A. Just because someone you know managed to remain enlisted — despite being convicted of an offense for which a punitive or administrative discharge is a possibility — doesn’t mean the same outcome is guaranteed for you. Violations of the Uniform Code of Military Justice don’t occur in a vacuum; much more goes into sentencing considerations than the nature and circumstances of the crime committed.
Even if two service members committed the same crime at the same time, it is unlikely they would share the same extenuating, mitigating or aggravating circumstances.
Courts rarely compare sentences to determine the appropriateness of one. But when they do, they’ll examine whether the cases are “closely related” and whether “highly disparate” sentences are founded on a “rational basis,” the U.S. Air Force Court of Criminal Appeals noted in U.S. v. Austin T. Gage.
This case, decided this year, involved an airman first class who, along with another airman first class and a senior airman, sneaked into an air base building believed to be haunted.
The two airmen first class were convicted of unlawful entry. One was sentenced to a bad-conduct discharge and 30 days’ confinement while the other was sentenced to hard labor without confinement for 30 days and reduction to E-1. The airman who received the punitive discharge filed an appeal, claiming his sentence was inappropriately severe. The appellate court found that the airmen’s cases were closely related and their sentences were highly disparate.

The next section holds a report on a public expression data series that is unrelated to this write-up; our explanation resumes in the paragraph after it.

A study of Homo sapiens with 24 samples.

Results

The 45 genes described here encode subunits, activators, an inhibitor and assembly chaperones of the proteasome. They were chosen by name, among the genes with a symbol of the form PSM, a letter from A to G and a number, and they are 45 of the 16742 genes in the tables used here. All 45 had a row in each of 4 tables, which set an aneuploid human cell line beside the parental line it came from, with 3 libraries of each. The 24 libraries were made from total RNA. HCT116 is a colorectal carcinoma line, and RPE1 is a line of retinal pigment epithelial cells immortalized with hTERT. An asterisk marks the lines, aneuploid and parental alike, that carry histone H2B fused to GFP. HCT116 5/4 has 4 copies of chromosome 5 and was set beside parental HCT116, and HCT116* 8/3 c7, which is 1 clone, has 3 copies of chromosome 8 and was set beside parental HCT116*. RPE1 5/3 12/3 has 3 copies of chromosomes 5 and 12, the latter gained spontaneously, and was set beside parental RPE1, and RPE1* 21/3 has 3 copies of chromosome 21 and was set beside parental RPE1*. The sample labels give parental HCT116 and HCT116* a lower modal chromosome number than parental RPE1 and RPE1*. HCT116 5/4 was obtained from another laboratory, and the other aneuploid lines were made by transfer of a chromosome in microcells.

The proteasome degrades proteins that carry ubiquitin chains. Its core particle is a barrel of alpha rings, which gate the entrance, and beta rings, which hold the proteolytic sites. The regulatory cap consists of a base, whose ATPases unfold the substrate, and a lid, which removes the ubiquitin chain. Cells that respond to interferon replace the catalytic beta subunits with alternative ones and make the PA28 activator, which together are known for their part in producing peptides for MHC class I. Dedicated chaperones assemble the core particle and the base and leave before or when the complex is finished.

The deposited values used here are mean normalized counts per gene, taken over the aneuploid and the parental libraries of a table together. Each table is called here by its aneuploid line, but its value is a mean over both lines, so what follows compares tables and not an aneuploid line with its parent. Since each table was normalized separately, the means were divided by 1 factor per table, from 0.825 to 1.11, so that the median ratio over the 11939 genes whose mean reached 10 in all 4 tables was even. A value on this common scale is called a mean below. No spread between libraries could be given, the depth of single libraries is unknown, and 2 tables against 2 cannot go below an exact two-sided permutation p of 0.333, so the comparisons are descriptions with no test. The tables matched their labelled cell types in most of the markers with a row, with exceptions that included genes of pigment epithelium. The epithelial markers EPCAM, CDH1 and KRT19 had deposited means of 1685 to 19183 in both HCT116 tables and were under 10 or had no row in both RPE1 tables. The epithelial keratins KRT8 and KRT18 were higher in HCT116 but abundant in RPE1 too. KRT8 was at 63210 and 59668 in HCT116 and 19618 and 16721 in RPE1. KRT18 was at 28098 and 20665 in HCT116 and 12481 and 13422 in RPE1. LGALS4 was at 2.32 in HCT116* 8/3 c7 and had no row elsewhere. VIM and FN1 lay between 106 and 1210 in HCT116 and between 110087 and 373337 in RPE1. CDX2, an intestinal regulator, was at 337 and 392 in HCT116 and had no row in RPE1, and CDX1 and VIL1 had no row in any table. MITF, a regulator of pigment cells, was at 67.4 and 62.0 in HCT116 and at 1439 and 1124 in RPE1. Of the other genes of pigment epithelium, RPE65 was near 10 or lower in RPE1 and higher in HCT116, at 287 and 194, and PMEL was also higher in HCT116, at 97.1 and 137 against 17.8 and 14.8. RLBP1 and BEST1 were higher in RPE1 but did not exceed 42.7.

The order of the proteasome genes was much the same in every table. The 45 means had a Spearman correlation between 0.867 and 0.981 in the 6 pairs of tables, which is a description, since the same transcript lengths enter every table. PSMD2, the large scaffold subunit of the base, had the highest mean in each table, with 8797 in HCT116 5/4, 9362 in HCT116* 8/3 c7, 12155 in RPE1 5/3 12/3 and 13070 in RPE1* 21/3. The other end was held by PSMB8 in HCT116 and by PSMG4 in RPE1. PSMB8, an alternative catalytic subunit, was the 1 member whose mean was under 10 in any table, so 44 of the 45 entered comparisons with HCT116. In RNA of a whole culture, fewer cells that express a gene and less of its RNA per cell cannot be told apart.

The government tried to explain the disparity by saying the appellant instigated the offense, but the court said testimony to support this assertion was “fuzzy at best.” The government also noted the appellant’s poor duty history, including prior nonjudicial punishment, but the court said it could not compare his evidence of rehabilitation potential with that of the other airman.
Lastly, the government noted that the panel knew the other airman did not receive a punitive discharge, but the court declined to speculate on the panel’s conclusions. Ultimately, the court approved the appellant’s 30-day confinement sentence but not his punitive discharge.
Cases involving low-level drug possession and use charges often are processed by administrative separation boards rather than courts-martial. A board will rule whether a service member should be retained or separated and the characterization of the separation. The sentence comparison theory is also applicable to administration separation board proceedings.
Troops accused of any military crime should contact a military law attorney. In the event of a conviction, an attorney can raise mitigating factors to help secure a more lenient sentence or challenge any irrational, highly disparate sentence.
Mathew B. Tully is a veteran of the wars in Iraq and Afghanistan and founding partner of Tully Rinckey PLLC. Email questions to email@example.com. The information in this column is not intended as legal advice.